The Terrifying Treatment at Trans-Allegheny Lunatic Asylum

Kayla Moriarty, Feature Editor

Seeing the word ¨lunatic¨ being used to describe people who struggle with mental illnesses is unusual, but years ago this was standard treatment of the mentally ill. Most mental asylums started in the 1800s were often cruel and experimented with the patients, trying everything from torture to electro-shock therapy. It’s no surprise that rumors about “insane asylums” being haunted arise when there is such a traumatic history to unfold. 

History of the Trans-Allegheny Lunatic Asylum

The Trans-Allegheny Lunatic Asylum opened in 1863 in Weston, West Virginia, and was originally intended to be a quote-on-quote “rehabilitation center” to aid those with mental disorders in recovering in a comforting manner. It was also originally to hold only 250 people, so patients could receive one-on-one care and the workers would not be overrun. When the subject of mental health became more and more controversial, more people would admit themselves into the hospital to receive treatment to fit in with society. The asylum quickly became full, and that one-on-one, amicable treatment soon faded away. In the 1950s, 2,400 patients were living at the asylum. There were addicts, soldiers, hysteria, and some physical conditions like asthma. Something that is less talked about in this time is the admission of women by their husbands. Some of the conditions written down in the guest book were menstrual derangement, imaginary female trouble, and women trouble. It was not uncommon for husbands to admit their wives so they could be with their mistresses, or for them to try to cure “womanly emotions.” Patients were shoved in rooms together meant to hold only one person. There was a lack of food supply, lack of space, and lack of sanitation. Unfortunately, patients with violent tendencies were locked in cages and put into rooms so the other patients crammed into the room would not be harmed. Walter Freeman began performing lobotomies to “cure” patients throughout the hospital, and his practices often left patients permanently damaged cognitively and physically. Some of his lobotomies were fatal for some patients because he would disgustingly hammer into a patient’s eye socket to break tissue. Lobotomies were not uncommon in the mid-1900s, as they left patients disconnected from their emotions, and on the exterior, this seemed to make them docile. The asylum did not officially close until 1994 because of the conditions patients were living in.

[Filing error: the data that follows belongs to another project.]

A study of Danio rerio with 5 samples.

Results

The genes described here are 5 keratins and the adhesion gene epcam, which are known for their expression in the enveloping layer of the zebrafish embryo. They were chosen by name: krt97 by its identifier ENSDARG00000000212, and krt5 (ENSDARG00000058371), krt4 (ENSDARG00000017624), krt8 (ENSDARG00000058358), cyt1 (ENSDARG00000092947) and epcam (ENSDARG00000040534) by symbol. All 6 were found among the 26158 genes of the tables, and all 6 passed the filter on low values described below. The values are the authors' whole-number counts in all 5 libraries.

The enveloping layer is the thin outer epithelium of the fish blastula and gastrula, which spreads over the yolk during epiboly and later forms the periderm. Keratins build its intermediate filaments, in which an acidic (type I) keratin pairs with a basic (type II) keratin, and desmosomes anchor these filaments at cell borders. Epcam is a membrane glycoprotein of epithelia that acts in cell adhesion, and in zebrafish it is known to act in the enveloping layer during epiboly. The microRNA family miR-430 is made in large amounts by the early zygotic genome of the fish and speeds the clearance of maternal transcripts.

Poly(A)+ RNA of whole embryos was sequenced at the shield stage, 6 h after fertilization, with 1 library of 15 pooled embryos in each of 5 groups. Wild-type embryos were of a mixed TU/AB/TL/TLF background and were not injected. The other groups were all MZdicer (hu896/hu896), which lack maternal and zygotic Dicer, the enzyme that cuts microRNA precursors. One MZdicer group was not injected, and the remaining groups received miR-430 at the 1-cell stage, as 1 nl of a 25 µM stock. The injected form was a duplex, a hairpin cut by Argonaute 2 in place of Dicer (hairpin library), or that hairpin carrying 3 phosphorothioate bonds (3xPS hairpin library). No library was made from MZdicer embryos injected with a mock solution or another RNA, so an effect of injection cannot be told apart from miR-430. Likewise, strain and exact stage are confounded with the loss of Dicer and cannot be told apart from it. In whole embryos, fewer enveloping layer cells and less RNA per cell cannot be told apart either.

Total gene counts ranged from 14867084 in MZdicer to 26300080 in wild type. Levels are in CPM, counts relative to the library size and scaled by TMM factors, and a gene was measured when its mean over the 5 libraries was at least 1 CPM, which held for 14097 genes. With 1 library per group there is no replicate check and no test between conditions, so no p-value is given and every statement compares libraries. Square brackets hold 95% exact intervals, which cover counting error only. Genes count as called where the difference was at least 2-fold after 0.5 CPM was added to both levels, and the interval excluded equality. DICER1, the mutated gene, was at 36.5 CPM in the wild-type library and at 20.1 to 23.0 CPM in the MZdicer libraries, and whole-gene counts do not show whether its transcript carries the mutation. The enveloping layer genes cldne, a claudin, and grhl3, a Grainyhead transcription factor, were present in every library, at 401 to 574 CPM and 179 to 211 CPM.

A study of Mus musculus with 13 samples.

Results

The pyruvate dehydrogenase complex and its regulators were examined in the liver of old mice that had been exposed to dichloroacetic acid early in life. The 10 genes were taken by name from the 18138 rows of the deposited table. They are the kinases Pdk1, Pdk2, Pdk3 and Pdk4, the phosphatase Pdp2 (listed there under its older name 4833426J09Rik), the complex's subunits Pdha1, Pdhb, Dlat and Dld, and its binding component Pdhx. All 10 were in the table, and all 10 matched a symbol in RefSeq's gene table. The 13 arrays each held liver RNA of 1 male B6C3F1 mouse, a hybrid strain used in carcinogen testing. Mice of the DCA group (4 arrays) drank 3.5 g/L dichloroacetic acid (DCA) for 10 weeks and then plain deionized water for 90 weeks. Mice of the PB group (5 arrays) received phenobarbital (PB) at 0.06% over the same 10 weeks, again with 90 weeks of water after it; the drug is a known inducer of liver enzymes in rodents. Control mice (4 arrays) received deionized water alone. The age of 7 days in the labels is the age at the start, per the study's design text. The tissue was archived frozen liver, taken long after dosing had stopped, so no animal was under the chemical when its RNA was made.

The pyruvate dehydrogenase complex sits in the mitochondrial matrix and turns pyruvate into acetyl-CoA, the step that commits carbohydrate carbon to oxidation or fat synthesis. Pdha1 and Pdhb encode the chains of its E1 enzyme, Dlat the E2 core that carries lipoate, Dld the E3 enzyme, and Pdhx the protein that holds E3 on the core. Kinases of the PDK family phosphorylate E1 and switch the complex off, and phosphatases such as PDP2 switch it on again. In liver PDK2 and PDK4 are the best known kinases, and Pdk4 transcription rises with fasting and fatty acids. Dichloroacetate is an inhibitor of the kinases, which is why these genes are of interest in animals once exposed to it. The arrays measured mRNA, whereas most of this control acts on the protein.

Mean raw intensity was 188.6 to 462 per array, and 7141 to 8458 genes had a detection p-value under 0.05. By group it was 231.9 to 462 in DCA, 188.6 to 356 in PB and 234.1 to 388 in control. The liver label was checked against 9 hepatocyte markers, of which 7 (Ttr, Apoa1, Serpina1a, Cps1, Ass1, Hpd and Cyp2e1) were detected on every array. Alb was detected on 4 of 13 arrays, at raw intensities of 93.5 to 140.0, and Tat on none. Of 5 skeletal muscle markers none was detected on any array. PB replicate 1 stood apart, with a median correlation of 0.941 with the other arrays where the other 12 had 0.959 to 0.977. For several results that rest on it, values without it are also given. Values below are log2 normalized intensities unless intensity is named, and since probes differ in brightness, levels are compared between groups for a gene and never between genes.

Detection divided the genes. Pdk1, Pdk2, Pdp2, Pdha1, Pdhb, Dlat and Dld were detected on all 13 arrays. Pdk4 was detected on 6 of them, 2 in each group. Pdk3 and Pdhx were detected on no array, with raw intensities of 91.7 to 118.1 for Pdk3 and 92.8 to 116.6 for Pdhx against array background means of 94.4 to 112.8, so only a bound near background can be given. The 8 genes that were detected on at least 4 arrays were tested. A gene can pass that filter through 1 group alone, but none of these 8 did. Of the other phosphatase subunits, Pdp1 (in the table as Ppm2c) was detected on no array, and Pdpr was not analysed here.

Considering the disturbing history of the asylum, the possibility of troubled spirits roaming the place where they once lived is not too far-fetched. The amount of deaths recorded at the asylum is 500. Jacob, an alcoholic that lived in the hospital, would roam the hallways in search of a beer. A commonly spotted ghost is a young girl named Lily, who passed away due to pneumonia as a child. Lily came into the hospital by birth, as her mother was a patient. She is said to throw toys to try to get people to play with her. According to The Haunted Places, a historian captured her saying “thank you for the snack.” Some paranormal investigators claim to have seen her or heard her laughing or crying. The hospital was also running during the Civil War and housed many soldiers who were recovering from war injuries. Rumors of murder behind closed doors from workers have not been scarcely historically confirmed, but they are said to have happened. A patient was killed with a bed frame on the third floor by his roommates and is said to still walk around the floor. Unknown apparitions, unexplained noises, and disembodied whispers are also common. 

Although it is interesting to consider the hauntings of the asylum, the treatment and conditions of patients in this period should not go unnoticed. Many people living at the asylum were victims of assault, murder, faulty medical practices, and other horrors. The stigma around mental health has unfortunately not completely disappeared today, and there are still horrific medical practices and treatments. The Trans Allegheny Lunatic Asylum holds a heart-breaking history and is a reminder of how far mental health care has progressed.